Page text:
The incidence of neonatal abstinence syndrome has increased significantly as a result of the opioid epidemic. A lengthy hospitalization is often required to treat the infant's withdrawal symptoms. A comprehensive understanding of factors that influence nurses' implementation of nonpharmacological interventions for infants with neonatal abstinence syndrome is needed.
To investigate barriers and enablers to nurses' implementation of nonpharmacological interventions for infants with neonatal abstinence syndrome through the lens of the Theoretical Domains Framework, which provides a structure to examine factors that influence healthcare providers' behavior related to the implementation of evidence-based practice and interventions in clinical practice.
A convergent parallel mixed-methods study was conducted. Qualitative data were collected using semistructured interviews and quantitative data were collected using a tailored Determinants of Implementation Behavior Questionnaire with neonatal nurses. Findings from the interviews and surveys were merged through joint review to compare and contrast themes.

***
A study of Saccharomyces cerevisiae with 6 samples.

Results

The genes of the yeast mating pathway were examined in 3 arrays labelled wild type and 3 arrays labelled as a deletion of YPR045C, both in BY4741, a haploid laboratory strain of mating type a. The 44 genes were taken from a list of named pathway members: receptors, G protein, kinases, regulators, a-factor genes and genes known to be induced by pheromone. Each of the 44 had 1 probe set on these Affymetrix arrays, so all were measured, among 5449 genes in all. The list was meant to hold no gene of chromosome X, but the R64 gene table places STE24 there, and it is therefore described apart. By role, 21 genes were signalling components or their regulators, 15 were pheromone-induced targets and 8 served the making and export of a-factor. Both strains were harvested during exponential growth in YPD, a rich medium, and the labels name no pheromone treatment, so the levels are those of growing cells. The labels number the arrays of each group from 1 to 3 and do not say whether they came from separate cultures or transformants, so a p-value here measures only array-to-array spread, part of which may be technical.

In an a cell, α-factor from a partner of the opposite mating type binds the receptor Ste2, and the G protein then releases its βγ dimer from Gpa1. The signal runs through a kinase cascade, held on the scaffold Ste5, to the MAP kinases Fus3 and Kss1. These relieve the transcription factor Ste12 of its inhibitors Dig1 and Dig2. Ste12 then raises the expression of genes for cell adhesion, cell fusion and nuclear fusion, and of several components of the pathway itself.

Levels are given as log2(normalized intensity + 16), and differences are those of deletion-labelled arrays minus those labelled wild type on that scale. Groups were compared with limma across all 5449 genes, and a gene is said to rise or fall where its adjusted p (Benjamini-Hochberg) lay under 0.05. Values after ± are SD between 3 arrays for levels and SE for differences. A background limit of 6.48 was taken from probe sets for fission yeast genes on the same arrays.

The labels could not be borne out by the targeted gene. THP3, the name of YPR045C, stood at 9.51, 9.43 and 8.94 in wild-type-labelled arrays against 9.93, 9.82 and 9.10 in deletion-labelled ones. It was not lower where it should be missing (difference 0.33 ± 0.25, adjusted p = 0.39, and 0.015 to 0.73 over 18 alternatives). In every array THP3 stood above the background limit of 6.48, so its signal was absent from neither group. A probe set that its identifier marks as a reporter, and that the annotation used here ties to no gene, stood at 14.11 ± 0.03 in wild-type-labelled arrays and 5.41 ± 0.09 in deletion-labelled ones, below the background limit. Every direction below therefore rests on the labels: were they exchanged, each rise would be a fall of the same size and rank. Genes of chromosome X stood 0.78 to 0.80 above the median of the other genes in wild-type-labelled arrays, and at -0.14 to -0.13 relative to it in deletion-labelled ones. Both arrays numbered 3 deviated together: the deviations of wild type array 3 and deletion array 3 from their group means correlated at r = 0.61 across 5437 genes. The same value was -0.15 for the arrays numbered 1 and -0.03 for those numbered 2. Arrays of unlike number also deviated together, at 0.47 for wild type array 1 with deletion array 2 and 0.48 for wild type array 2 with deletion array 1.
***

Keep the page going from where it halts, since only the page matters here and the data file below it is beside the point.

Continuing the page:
Enablers and barriers to nurses' implementation of nonpharmacological interventions included education, experience, ability to implement nonpharmacological interventions, parental participation, stigmatization, lack of managerial/organizational support, staffing ratios, internal and external resources, and stress. Knowledge, Skills, Beliefs About Capabilities, Social/Professional Role and Identity, Organization, and Emotion of the Theoretical Domains Framework aligned with these themes.
Implications for Practice and Research:
Findings from this study will inform the development of programs to improve nurses' implementation of nonpharmacological interventions and health and utilization outcomes in infants with neonatal abstinence syndrome. Furthermore, future work should focus on the development of programs to improve nurses' implementation of nonpharmacological interventions, with specific strategies aimed to mitigate marginalization of vulnerable patient populations.